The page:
A “shocking” development to fight Lou Gehrig’s disease

Joe BeckmanOregon State University researchers have surprised the medical world in recent months with the announcement of a new approach to stop the progression of amyotrophic lateral sclerosis — more commonly known as Lou Gehrig’s disease after it was diagnosed in the American baseball legend in 1939.

Studies done with laboratory mice show that use of a compound called copper-ATSM essentially stopped the progression of ALS and allowed the mice to approach their normal lifespan. The work was published in the journal Neurobiology of Disease.

It’s not known yet whether the compound, after trials first for safety and then efficacy, will have the same results in humans. If it does, the work may become one of the most significant biomedical accomplishments ever to emerge from the university, and it could provide hope for people around the world who
struggle with this debilitating and fatal disease.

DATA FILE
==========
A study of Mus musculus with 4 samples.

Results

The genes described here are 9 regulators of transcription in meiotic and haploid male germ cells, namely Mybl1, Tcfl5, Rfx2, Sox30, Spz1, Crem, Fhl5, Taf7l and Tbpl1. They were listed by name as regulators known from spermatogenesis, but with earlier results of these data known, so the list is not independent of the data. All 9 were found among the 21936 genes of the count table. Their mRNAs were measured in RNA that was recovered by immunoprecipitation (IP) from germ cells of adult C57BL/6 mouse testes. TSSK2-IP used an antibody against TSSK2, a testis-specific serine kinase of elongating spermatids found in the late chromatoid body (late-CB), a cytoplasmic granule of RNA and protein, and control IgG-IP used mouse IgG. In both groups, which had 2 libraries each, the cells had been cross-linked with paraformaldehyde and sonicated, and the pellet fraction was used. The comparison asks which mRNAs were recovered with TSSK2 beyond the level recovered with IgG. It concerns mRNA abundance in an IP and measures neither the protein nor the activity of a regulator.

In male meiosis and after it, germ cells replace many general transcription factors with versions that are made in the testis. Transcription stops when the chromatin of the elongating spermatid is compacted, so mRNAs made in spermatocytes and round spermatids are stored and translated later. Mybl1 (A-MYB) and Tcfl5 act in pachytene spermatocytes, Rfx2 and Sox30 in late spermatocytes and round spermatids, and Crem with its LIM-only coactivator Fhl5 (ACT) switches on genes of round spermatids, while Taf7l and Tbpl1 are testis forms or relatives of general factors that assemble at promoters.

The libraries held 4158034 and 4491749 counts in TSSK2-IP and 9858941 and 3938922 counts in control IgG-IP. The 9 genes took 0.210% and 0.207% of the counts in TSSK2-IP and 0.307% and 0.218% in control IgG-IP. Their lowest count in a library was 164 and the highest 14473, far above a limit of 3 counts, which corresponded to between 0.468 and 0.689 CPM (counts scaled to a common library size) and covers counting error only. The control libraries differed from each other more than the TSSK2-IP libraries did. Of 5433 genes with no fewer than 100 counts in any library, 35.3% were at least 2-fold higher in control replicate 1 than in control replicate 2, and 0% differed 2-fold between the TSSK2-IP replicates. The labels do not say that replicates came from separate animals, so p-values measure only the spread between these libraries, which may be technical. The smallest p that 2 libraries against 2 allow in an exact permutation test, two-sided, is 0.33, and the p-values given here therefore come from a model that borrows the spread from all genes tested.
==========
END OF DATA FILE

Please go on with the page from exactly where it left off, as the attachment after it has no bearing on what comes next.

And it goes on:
The discovery reflects more than a decade of work by Joe Beckman, a distinguished professor of biochemistry and biophysics in the College of Science and holder of the Burgess and Elizabeth Jamieson Chair at Oregon State’s Linus Pauling Institute. Beckman has said he was “shocked” at how well the treatment stopped the progression of disease in mice. But questions remain about how it will translate to humans.

“We have a solid understanding of why the treatment works in the mice, and we predict it should work in both familial and possibly sporadic human patients,” Beckman says. “But we won’t know until we try.”

ALS currently has no therapy, despite decades of work toward one. The new approach is based on bringing copper into specific cells in the spinal cord and mitochondria that are weakened by copper deficiency. This metal helps to stabilize superoxide dismutase, an antioxidant protein whose proper function is essential to life.

Doctors in the College of Veterinary Medicine hope to try the new approach on a similar disease in dogs, and other work to begin human trials is progressing — while people around the world watch and hope.

For more information about the Linus Pauling Institute, visit lpi.oregonstate.edu.